Alumnus receives Future Space Leaders Foundation grant
A Purdue alumnus was one of seven individuals to receive a Future Space Leaders Foundation grant, a yearlong career development opportunity that allowed him to attend the International Astronautical Congress and Space Generation Congress, present a paper at the IAC, and participate in several workshops in October in Germany and also will offer additional opportunities to attend leading industry events.
Jeffrey Stuart (BSAAE ’08, MSAAE ’11, PhDAAE ’14) is a technologist in the Mission Design and Navigation Section of NASA’s Jet Propulsion Laboratory. Stuart’s diverse background and experience likely helped land him the grant from a foundation that wants to stimulate professional growth and foster cooperation and interaction among current leaders in the space field with young professionals.
Stuart not only works on missions for JPL but also enjoys opportunities to pursue research and development tasks infusing cross-disciplinary technologies, such as virtual reality with traditional mission design to grow the capabilities at the institution. He’s also the president of the New Researchers Support Group, an informal grassroots network that facilitates opportunities for colleagues to learn about how JPL and NASA work and how to get research and development tasks supported, funded and, ultimately, infused into a mission or into operations.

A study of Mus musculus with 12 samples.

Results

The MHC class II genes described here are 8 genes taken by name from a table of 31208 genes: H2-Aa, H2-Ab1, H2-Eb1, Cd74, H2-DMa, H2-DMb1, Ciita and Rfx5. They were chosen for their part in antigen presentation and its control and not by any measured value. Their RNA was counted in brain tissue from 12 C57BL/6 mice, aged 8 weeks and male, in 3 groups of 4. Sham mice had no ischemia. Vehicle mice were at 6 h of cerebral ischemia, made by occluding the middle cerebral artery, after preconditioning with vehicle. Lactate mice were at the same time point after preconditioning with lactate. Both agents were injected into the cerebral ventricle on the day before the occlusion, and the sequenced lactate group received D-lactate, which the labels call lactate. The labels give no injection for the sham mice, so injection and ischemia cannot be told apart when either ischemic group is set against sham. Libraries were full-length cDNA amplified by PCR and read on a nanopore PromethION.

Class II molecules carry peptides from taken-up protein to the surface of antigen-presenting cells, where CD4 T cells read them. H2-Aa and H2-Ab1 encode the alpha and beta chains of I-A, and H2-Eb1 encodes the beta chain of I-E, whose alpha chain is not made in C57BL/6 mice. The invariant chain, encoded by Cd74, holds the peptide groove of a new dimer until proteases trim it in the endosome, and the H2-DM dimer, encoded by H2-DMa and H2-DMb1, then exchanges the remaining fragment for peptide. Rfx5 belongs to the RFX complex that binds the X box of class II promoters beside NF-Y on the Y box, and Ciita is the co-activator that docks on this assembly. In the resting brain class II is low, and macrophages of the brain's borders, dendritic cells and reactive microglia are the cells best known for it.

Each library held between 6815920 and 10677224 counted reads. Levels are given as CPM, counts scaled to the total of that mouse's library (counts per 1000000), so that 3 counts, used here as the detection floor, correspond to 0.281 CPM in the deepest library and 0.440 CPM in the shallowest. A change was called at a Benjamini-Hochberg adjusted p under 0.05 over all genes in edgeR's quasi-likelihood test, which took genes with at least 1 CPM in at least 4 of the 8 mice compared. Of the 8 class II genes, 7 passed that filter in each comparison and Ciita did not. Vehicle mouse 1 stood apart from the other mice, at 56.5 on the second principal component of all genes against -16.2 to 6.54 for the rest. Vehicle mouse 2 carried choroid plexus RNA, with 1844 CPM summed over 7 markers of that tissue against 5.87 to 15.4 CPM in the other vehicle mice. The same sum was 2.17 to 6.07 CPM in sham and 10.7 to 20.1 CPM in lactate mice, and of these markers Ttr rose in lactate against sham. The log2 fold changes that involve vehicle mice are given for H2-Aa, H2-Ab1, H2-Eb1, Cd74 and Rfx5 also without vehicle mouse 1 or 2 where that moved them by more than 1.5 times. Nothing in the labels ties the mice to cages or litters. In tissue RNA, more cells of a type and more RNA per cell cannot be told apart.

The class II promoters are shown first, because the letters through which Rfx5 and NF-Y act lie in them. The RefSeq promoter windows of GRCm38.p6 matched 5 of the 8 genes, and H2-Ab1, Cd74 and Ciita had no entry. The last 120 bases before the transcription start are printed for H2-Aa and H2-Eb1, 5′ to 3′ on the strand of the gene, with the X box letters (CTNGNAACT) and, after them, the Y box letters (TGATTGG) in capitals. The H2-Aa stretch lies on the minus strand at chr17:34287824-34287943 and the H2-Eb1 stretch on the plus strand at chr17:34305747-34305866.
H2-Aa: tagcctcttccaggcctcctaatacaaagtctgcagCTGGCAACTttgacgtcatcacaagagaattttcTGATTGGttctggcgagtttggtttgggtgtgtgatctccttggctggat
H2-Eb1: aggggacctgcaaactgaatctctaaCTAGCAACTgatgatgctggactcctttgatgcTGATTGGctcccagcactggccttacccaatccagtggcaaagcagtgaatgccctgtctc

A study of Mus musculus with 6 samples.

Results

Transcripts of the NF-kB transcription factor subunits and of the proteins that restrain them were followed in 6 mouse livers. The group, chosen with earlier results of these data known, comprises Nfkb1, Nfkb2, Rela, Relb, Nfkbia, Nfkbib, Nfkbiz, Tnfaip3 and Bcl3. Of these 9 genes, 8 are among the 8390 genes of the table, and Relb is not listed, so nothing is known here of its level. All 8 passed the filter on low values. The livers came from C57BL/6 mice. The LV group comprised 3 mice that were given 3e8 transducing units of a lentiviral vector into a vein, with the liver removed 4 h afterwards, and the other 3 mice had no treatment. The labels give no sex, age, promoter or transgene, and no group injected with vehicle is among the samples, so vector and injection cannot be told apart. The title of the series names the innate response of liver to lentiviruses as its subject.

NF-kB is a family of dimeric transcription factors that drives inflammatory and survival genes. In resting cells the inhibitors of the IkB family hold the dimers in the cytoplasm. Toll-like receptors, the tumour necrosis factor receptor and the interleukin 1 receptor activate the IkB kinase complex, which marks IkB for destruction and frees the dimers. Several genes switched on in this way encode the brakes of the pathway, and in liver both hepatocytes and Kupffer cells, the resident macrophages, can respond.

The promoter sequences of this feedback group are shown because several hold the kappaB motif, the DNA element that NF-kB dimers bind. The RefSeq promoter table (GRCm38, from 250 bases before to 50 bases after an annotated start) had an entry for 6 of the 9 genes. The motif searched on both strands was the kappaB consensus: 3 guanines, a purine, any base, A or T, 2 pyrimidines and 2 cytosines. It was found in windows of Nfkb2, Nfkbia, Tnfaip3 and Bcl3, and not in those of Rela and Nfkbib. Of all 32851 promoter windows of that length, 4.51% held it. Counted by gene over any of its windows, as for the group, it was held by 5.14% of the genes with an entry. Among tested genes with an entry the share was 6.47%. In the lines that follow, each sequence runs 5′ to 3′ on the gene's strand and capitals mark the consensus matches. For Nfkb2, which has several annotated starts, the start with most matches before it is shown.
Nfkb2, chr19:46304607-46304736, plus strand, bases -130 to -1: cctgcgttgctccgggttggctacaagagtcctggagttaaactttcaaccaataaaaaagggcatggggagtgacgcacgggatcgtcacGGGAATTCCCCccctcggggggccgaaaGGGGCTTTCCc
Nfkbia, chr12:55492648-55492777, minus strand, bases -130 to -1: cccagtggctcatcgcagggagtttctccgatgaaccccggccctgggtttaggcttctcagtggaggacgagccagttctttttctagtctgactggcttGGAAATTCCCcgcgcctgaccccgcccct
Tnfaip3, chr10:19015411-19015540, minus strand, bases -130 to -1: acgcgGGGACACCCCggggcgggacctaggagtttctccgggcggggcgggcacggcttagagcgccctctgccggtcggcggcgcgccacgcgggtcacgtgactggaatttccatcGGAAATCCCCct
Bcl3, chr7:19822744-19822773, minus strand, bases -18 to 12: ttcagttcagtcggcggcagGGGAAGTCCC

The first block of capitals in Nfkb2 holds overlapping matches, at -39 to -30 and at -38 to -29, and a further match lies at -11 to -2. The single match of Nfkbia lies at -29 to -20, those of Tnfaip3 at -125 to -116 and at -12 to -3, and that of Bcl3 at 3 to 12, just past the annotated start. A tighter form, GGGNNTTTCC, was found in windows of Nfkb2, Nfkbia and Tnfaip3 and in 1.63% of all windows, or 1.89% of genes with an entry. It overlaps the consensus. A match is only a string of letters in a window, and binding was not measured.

Stuart also has been a long-time mentor of Purdue FIRST programs, encouraging high school students to pursue STEM careers. He also was involved in Purdue Space Day while in West Lafayette.
“Going beyond the typical engineering work is what they really look for,” Stuart says of Future Space Leaders Foundation. “There’s a huge component, especially when it comes to the Space Generation Congress or the International Programme / Project Managers workshop, where they really try to focus on things beyond just the pure technology or the pure engineering or the pure science. They really do try to bring it all together with attention to policy as well, and what the benefits of space endeavors mean for the rest of the world. … That encourages them to look for people who are willing to stretch themselves in that regard.”
While at SGC, Stuart participated in a workshop that split attendees into groups to explore a variety of topics. Stuart’s topic related to supporting commercial companies that may want to travel into deep space, as NASA develops its own deep-space infrastructure, and how to help commercial companies do the same.
“These are topics I certainly don’t think about much in my day job except in idle daydreams, whereas this was concrete. You’re actually talking to people who may be able to advance those ideas,” Stuart says of the session.
Stuart says his biggest takeaways from the events in Germany were how much the space industry is looking at his and younger generations to be critical problem solvers and how broad the space industry is getting in terms of commercial companies and other countries hoping to create and expand their own space agencies.
JPL is in a unique position to be able to impart knowledge in its areas of expertise from deep-space robotic exploration to supporting human space-travel to Earth-focused scientific investigations, while also learning and applying lessons gained from collaborations with new players in the industry, Stuart says.
“There are a lot of commercial activities, for example space-based manufacturing and affordable tourism, that were only dreams 10 years ago, and they’re actually starting to become reality,” Stuart says. “Just how diverse space is getting is crucial for its sustainable growth, but there’s always going to be some challenging periods as we figure out how these new parts fit together for future space endeavors.”